Islamic State challenge looms over NATO summit
The challenge posed by Islamic State (IS) extremists loomed large as over 60 world leaders gathered in the sylvan Welsh town of Newport on Thursday for a NATO summit that came down heavily on Russia for its ‘destabilising’ influence on Ukraine.
In a joint article published in The Times on Thursday, prime minister David Cameron and US President Barack Obama wrote that Britain and the US can lead efforts to secure world peace, setting the stage for the NATO summit.
They wrote: "If terrorists think we will weaken in the face of their threats, they could not be more wrong. Countries like Britain and America will not be cowed by barbaric killers … We will be more forthright in the defence of our values, not least because a world of greater freedom is a fundamental part of how we keep our own people safe."
They also accused President Putin of "trying to force a sovereign state to abandon its right to democracy and determining the course of [Ukraine's] future at the barrel of a gun" and write that "we must increase Ukraine's capacity to defend itself".
Obama and Cameron interacted with children at a local school before joining other leaders to discuss the two key issues of Russia and IS, even though the IS challenge was not on the agenda of the influential western military grouping.
In a series of radio and television interviews before the summit, Cameron again did not rule out joining air strikes against IS extremists in Syria and Iraq. Conservative party whips have already begun asking party MPs for this views on military action against IS.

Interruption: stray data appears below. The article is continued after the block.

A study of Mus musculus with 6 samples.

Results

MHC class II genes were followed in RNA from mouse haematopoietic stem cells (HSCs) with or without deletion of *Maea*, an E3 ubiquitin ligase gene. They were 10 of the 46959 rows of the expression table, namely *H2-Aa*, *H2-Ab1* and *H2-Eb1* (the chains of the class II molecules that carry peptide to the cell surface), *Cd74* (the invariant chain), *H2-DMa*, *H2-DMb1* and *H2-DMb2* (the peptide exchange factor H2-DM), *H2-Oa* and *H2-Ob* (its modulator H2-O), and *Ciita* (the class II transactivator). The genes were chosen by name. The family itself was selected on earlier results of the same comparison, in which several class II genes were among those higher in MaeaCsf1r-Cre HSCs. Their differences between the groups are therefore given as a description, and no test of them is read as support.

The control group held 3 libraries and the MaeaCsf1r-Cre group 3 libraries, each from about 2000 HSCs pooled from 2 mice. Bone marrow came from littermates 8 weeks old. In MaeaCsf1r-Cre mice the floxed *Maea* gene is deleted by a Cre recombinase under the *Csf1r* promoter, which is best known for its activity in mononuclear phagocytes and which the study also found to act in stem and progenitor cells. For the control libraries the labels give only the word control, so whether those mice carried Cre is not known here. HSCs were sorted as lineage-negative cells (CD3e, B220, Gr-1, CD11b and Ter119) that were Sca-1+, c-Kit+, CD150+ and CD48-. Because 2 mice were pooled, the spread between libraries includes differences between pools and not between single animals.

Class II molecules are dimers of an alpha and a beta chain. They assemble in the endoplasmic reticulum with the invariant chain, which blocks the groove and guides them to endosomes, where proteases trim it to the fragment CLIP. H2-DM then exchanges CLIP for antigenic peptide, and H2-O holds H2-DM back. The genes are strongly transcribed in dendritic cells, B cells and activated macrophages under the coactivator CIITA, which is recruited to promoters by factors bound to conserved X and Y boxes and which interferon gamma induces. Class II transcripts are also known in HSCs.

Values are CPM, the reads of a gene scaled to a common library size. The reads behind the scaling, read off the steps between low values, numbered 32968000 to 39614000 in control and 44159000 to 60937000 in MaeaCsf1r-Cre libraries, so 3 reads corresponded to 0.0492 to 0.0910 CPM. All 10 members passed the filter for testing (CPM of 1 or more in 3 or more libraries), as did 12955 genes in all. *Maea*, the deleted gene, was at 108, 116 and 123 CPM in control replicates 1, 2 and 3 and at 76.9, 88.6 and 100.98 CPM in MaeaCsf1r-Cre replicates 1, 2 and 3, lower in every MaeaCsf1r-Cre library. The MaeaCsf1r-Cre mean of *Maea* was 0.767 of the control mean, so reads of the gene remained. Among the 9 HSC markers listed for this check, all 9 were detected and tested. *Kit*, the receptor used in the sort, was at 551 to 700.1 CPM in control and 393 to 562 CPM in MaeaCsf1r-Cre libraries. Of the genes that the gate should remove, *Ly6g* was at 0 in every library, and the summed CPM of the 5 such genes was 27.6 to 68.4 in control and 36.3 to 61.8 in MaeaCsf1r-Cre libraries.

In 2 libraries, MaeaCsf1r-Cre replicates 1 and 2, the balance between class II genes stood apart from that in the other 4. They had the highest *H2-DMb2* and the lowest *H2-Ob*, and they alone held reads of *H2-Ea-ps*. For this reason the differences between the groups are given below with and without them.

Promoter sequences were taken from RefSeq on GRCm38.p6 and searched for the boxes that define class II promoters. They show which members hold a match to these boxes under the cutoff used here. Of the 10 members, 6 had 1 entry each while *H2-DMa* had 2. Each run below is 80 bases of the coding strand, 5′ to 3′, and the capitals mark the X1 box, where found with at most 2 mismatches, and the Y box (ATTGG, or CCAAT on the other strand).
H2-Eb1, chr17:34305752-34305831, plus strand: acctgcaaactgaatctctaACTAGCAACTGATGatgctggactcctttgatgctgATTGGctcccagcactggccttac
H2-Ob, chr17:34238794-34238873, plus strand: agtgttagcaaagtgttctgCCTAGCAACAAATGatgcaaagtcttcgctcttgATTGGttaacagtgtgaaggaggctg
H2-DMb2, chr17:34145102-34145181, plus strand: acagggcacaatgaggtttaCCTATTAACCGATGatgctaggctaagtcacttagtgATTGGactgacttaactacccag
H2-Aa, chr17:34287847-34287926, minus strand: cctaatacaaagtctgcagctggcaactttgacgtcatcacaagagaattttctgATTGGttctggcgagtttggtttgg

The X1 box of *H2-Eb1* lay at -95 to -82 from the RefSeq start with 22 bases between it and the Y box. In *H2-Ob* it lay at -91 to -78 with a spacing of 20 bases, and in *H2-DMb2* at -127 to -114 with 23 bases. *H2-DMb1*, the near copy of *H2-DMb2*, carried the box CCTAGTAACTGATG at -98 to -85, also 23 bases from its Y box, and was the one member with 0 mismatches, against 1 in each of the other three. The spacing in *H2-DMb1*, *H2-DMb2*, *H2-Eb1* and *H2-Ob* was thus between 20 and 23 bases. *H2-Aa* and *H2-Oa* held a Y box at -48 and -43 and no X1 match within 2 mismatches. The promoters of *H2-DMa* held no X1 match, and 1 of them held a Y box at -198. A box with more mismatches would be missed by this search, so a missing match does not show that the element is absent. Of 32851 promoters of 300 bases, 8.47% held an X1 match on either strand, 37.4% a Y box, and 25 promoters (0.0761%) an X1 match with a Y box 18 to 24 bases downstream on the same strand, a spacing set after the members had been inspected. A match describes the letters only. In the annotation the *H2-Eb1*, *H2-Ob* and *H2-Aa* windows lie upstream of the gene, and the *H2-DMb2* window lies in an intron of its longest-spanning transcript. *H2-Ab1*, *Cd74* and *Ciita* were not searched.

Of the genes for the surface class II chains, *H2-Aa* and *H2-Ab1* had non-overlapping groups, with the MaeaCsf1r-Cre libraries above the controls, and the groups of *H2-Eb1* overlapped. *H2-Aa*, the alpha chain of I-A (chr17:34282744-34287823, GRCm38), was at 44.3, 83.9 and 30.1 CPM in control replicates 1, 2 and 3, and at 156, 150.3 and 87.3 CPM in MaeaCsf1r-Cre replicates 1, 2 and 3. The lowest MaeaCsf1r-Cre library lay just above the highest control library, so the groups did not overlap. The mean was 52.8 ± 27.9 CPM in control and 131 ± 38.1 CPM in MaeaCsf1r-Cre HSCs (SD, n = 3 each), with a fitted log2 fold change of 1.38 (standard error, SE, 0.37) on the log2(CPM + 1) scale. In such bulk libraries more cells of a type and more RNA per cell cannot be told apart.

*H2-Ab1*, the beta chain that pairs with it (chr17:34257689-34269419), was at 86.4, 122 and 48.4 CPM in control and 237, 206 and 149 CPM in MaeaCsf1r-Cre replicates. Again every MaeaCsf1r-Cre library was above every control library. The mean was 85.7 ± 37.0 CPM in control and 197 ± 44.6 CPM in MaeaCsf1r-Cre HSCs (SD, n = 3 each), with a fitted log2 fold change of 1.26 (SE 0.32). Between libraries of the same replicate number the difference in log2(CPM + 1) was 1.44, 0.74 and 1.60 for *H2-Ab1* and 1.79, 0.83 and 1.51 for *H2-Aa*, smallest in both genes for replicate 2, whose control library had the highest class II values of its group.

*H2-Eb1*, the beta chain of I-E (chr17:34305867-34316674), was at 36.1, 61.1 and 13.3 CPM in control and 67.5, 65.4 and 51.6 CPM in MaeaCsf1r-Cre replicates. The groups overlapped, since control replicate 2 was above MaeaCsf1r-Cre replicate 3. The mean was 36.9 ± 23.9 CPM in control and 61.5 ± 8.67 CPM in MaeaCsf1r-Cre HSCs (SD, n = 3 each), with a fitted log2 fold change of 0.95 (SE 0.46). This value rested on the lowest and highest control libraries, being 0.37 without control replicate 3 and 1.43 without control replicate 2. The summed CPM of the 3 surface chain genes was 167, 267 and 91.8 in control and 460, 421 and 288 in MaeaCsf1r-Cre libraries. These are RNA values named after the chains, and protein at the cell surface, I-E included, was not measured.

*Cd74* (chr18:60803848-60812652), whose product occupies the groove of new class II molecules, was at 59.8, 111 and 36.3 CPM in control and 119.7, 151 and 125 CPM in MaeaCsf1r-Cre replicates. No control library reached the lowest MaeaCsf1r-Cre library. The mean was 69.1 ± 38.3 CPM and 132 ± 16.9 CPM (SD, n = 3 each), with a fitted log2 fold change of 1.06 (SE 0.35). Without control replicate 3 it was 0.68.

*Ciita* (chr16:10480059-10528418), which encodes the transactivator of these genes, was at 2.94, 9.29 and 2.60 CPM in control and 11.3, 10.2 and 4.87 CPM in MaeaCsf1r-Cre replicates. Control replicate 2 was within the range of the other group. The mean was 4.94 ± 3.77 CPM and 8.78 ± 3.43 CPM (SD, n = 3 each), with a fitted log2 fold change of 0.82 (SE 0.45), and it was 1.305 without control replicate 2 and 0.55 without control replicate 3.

Cameron also announced that Britain will directly arm Kurdish forces fighting IS extremists and that a british military officer had been despatched to advise Kurdish forces. Britain also announced the handover of 1.5 million pounds worth of life-saving equipment for use by Syrian search and rescue teams.
Indicating that NATO could undertake military missions against IS, Anders Fogh Rasmussen, Nato secretary general, said Nato would seriously consider any request from Iraq to help it fight the extremists. He also said Nato would be willing to help train the Iraqi armed forces again.
Rasmussen said: “I do believe the international community as a whole has an obligation to stop the Islamic State advancing further. As regards Nato, we have not received any request for a Nato engagement. I’m sure that if the Iraqi government were to forward a request for Nato assistance, that would be considered seriously by Nato allies”.